2013 NFL Draft: Is Landry Jones the Real Deal?


In such a quarterback-light draft, it’s odd that Jones has gotten a little lost in the mix after being a four-year starter at a major program. However, Jones’ performance peaked in his sophomore season when he threw for a career-high 4,718 yards with 38 touchdowns and 12 interceptions. His numbers have declined some over the past two seasons, which isn’t a good sign considering Jones was going up against a lot of mediocre defenses in the Big 12. This past season, in Oklahoma’s games against the quality defenses of Notre Dame and Texas A&M, Jones was only able to lead the Sooners to 13 points in each game, with just one touchdown and two interceptions. His lack of development over the past couple seasons has overshadowed what Jones has accomplished, his experience, and all that he does bring to the table.

The best attribute that Jones possesses is his arm strength, which is among the best of the available quarterbacks. Jones has the ability to throw outside the numbers on the edge of the field, deep beyond the safeties, as well as up the seam between the linebackers and the safeties, and all with good accuracy. Those are difficult throws, and Jones can make all of them, and looks impressive while doing so. He has the size and body to be a typical NFL pocket passer, but he also has enough mobility to be able to scramble when he needs to. Jones is also praised for his ball skills, as he uses play-action and pump fakes well, which have worked well for him while playing in a spread offense. In the NFL, he would fit in best in an offense that runs a lot of spread or pistol formations.

The physical side of Jones’ game is almost all there, but the mental side is where he lags behind. For a four-year starter Jones is not as good at his pre-snap reads as he should be. He has yet to master the art of going through his progressions, and when he doesn’t see what he wants to see he will rely on his arm too much and throw the ball up for grabs. Jones also looks uncomfortable under pressure, and will either take off running too quickly or take a sack instead of trying to throw the ball away. He has also received criticism for not responding well to deficits and struggling to rally his team when they fall behind.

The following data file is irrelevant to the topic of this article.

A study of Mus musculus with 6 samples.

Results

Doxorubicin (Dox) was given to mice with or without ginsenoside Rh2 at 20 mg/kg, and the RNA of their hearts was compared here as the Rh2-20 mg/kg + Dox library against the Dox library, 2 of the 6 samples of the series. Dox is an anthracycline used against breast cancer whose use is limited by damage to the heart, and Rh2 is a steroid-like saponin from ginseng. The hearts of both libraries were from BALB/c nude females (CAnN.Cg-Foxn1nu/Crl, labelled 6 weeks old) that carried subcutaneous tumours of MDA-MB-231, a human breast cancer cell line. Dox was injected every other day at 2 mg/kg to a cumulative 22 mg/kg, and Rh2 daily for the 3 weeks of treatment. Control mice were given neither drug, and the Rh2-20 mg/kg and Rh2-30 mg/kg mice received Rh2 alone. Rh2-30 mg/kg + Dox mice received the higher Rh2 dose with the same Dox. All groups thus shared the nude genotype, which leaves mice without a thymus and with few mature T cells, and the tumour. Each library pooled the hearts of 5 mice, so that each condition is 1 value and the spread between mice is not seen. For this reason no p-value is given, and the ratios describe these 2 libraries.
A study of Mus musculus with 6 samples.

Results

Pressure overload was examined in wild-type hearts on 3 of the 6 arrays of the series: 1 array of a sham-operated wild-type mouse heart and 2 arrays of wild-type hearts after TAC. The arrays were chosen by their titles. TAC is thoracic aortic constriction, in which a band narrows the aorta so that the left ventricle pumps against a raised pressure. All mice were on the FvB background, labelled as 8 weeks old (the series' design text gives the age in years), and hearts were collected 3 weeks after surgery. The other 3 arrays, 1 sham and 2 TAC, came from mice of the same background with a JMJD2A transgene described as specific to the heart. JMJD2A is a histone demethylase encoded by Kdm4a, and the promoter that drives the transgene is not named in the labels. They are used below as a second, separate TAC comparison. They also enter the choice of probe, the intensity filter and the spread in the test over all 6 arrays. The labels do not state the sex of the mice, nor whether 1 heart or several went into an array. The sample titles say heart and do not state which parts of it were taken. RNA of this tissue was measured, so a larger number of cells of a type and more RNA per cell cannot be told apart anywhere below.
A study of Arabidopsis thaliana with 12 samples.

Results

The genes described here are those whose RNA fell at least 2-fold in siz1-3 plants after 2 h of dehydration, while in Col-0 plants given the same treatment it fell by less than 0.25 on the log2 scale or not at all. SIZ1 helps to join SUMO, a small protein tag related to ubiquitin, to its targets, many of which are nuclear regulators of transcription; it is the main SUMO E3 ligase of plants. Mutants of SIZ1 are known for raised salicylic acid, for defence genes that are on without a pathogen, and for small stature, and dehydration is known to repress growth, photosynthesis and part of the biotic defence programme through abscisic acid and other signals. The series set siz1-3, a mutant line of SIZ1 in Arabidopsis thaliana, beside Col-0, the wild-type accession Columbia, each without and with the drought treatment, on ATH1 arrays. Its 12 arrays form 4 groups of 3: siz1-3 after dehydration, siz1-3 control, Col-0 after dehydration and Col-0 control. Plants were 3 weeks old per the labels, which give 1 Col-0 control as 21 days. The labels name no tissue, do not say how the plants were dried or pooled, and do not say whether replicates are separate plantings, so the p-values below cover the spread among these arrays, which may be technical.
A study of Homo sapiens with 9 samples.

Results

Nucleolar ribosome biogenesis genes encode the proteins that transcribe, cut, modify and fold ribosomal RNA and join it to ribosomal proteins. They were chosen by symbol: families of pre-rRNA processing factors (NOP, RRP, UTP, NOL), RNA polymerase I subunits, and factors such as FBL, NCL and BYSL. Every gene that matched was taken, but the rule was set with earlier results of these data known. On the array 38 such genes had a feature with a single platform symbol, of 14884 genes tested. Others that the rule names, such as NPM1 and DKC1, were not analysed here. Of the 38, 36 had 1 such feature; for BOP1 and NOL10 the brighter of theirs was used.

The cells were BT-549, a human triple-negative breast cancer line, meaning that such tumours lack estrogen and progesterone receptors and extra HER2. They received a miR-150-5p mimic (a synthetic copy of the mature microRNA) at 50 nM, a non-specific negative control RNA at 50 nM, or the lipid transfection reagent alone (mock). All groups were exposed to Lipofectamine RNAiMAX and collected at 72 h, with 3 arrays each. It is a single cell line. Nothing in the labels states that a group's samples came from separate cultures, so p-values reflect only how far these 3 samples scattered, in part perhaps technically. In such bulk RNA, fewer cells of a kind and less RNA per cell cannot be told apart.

So, is Jones a pretender or a contender? Pretender. The arm talent is impressive and probably would have made him a much higher draft pick a year ago. However, a quarterback with his experience should be more adept at reading defenses and NFL defenses will devour him if he doesn’t understand what they’re trying to do against him. In the right system, he could make a suitable back up and his arm strength could allow him to make some impressive throws, even on an NFL field. But Jones falls well short of having the total package necessary to be a quality starting quarterback in the NFL.